Page 135 - The-History-of-the-Lancashire-Fusiliers-1914-1918-Volume-I

Basic HTML Version

serious disaster would have occurred if Spooner, although already
wounded, had not picked them up and thrown them into the
canal. He also remained at duty in command of the battalion until
relieved about 3 p.m. by Major P.
Foster of the Warwickshire .
Shortly before 3 p.m. the enemy developed an intense shrapnel
bombardment of our lines, and repeatedly attempted attacks on the
centre of the battalion's front, but was beaten back each time. One
sap was occupied by the Germans as well as by the Lancashire
Fusiliers. Again and again during the battalion's four days in the
line, the enemy sought to bomb our troops out of it. Again and again
they were thrown back with the aid of the newly issued Mills bomb,
in whose use no instruction had been given, so that as many
casualties were caused by its faulty handling as by the enemy.
F. W. Penny, Serjeant A. Weatherall and Private
Walker, under the leadership of Lieutenant G. C. Martin, par–
ticularly distinguished themselves by their gallantry and by their
persistence in organizing fresh parties of bombers as new detach–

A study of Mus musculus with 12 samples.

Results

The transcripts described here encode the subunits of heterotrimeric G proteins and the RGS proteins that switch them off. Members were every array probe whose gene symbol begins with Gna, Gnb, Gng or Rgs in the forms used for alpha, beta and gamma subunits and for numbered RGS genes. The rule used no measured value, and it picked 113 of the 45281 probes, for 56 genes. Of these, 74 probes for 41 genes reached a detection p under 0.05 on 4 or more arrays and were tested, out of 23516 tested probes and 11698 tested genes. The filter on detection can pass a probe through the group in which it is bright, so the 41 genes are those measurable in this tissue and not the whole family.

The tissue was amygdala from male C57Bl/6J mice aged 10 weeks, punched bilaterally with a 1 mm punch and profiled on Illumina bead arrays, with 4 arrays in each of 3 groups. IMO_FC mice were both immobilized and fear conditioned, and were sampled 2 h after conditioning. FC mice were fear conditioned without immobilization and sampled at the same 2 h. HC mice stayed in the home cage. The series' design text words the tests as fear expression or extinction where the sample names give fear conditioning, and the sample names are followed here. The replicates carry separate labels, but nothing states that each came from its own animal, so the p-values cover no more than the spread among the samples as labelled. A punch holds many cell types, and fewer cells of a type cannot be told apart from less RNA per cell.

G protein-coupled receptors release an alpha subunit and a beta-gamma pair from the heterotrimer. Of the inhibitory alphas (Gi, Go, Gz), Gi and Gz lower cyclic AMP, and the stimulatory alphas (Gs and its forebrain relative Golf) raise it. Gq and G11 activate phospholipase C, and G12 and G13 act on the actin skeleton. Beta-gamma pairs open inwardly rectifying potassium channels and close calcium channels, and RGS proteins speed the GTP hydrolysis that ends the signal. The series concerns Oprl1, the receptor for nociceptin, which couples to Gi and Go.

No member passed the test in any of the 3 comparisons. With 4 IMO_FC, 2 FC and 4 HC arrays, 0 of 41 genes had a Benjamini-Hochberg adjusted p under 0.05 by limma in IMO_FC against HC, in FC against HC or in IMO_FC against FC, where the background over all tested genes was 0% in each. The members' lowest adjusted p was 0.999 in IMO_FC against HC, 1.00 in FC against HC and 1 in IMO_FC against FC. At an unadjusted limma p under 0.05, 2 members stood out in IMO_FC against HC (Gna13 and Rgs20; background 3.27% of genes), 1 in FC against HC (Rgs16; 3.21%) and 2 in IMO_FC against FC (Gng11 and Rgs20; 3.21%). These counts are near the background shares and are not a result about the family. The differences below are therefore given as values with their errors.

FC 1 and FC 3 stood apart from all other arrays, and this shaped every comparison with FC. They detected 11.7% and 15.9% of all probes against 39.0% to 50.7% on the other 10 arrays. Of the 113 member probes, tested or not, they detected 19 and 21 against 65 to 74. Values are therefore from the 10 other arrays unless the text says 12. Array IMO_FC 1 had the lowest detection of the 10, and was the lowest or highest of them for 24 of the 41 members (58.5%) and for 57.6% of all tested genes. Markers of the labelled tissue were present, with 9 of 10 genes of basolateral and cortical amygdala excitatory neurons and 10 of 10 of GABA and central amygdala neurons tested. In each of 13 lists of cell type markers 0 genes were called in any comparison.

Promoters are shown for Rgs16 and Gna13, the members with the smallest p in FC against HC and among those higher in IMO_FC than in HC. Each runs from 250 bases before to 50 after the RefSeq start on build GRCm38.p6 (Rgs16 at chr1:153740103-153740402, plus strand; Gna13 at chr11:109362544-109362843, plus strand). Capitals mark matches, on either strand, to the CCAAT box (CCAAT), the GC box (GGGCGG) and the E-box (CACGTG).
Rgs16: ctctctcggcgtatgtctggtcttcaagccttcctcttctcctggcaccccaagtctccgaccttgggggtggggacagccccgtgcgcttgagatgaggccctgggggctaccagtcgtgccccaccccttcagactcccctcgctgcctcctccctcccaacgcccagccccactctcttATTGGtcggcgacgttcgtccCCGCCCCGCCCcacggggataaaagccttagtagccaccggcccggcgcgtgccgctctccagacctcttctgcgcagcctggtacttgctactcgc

ments, with more bombs, were sent up to replace casualties. Walker
himself repulsed many attacks and held out till he was wounded.
Penny, Weatherall and Walker received the Distinguished Conduct
Medal for their exceptionally fine work; Walker was also awarded
the French Croix de Guerre.
There were further indications of an impending general attack
at 6 p.m. on 7th July, but it did not materialize though shelling
continued intermittently throughout the evening and night-and
the ghastly fight went on in the sap.
At 9.0 a.m. on 8th July the enemy were seen massing near the
centre and at
a .m . they were observed advancing to the right of
the battalion. In both cases their attack was stopped by artillery
fire. Early in the afternoon a heavy bombardment came down,
causing heavy casualties to the battalion and severe damage to its
trenches and forcing battalion headquarters to move to the west
side of the canal. But when the enemy tried to attack, the defenders
were still ready for them and drove them back yet once again with
artillery, rifle and machine-gun fire.
The casualties had, however, been so heavy that at 9.30 p.m. that
night "B" and "D" Companies had to be relieved by two companies
of the 1st Hampshire Regiment and moved back to a farm near
Elverdinghe, where they undertook guards on the roads and liaison
with the French. On the following night "A" and
Companies and
the Hampshire companies were relieved by a Territorial battalion of
the York and Lancaster Regiment. The battalion marched to
Proven, where the troops already billeted there spontaneously
turned out and paid it the unique compliment of presenting arms
to it in recognition of its fine defence.